Rating: 4 out of 5 stars

Can things really be this bad in secondary schools? And can you believe that the teacher, on trial for her job, would bring a blue prosthetic penis to a rowdy citizenship class, with a handful of flavoured condoms, to demonstrate safe sex before behaving drunkenly, and intimately, with one of the fifteen year-old pupils who turns up at her flat after a fight?

The answer, I’m afraid, is yes to these questions. John Donnelly's new play has the terrible odour of complete authenticity. I taught in one such school, briefly, many moons ago, and plays such as Barry Reckord’s Skyvers and Nigel Williams’s Class Enemy have exploited the shocking truth that the wittiest, quickest, and often the cleverest, pupils are languishing on the brink of boredom, “exclusion” and despair.

What to do? Who knows, but the tension and danger, the nastiness, the threat to authority, and the spectre of illicit sexuality, always guarantee good drama. Joanne Froggatt, the sweet-natured under-maid in Downton Abbey, makes a stunning return to the stage as Zoe, hardly older than her own pupils, fighting bravely for her dignity, evincing a sort of glum perkiness with her downturned little chin and physical deftness.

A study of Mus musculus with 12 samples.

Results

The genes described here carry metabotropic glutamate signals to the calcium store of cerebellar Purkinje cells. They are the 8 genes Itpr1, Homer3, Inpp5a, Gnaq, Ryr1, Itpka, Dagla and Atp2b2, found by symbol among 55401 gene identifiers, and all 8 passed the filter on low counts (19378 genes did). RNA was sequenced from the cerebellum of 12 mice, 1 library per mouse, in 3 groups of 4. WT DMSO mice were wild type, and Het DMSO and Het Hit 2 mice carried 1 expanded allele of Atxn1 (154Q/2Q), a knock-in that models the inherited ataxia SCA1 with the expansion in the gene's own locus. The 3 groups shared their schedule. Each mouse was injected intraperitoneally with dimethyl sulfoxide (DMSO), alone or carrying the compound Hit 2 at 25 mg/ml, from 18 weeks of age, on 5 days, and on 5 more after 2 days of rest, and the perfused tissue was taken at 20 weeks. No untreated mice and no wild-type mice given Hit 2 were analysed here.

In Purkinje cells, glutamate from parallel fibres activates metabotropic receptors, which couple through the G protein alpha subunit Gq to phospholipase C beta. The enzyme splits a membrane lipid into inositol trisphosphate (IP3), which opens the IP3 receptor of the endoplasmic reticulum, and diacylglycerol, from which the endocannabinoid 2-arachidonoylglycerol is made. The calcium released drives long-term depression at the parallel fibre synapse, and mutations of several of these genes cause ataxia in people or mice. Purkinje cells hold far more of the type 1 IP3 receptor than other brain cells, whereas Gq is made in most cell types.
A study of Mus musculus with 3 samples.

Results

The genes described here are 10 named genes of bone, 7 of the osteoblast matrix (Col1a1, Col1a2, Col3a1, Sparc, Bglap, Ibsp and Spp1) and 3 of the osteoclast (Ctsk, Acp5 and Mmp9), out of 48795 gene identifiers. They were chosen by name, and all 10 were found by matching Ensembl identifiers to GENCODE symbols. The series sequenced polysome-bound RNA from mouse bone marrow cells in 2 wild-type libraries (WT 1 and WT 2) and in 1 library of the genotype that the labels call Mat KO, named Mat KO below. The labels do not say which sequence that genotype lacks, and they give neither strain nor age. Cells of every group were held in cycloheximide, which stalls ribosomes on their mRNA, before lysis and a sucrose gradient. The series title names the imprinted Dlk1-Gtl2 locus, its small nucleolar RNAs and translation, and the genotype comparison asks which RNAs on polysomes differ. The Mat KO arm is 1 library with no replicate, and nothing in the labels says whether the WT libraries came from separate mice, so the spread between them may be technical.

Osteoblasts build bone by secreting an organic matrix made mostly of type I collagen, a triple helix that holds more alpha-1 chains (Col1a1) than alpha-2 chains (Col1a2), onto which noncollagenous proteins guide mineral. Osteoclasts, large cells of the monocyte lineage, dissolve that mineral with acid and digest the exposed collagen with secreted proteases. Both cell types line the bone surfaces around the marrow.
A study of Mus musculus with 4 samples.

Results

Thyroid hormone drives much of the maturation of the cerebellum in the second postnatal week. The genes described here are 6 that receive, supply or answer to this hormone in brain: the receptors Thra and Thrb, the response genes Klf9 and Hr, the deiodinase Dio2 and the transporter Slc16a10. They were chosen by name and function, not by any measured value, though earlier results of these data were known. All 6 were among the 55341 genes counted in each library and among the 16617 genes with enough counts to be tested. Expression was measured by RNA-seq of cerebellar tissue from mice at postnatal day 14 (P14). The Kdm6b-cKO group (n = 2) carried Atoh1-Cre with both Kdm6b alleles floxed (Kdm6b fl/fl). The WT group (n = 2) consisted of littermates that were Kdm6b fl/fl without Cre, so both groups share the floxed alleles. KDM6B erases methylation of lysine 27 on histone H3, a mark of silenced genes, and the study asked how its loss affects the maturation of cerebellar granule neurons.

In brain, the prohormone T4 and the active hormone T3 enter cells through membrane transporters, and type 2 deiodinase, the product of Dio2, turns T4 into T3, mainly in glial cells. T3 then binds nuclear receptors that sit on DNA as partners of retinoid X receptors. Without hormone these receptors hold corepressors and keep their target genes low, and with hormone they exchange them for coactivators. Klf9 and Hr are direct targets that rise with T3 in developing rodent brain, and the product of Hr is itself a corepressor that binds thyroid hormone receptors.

Charlotte Gwinner’s production boasts four more sensational young actors – where do they all come from?! — as the pupils: Joe Cole as the most insolent, Holli Dempsey as the most sexually adventurous and Kerron Darby as Daniel, the most sensitive, inevitably dubbed "gay boy". Daniel’s dad was a taxi-driver and his recital of a piece of "the knowledge" is a symbolic riff on a world elsewhere.

Zoe is torn between the riotous classroom and the predatory attentions of her “mentor” Maz (Christopher Simpson) and the cynical, close-to-retirement head teacher Harry (Andrew Woodall). Unusually in such a new dramatist, a zinger of a first act if followed by a really well plotted second, and the play impresses, finally, as a powerful argument for teaching: even against all odds, a spark of humanity may fire in the friction.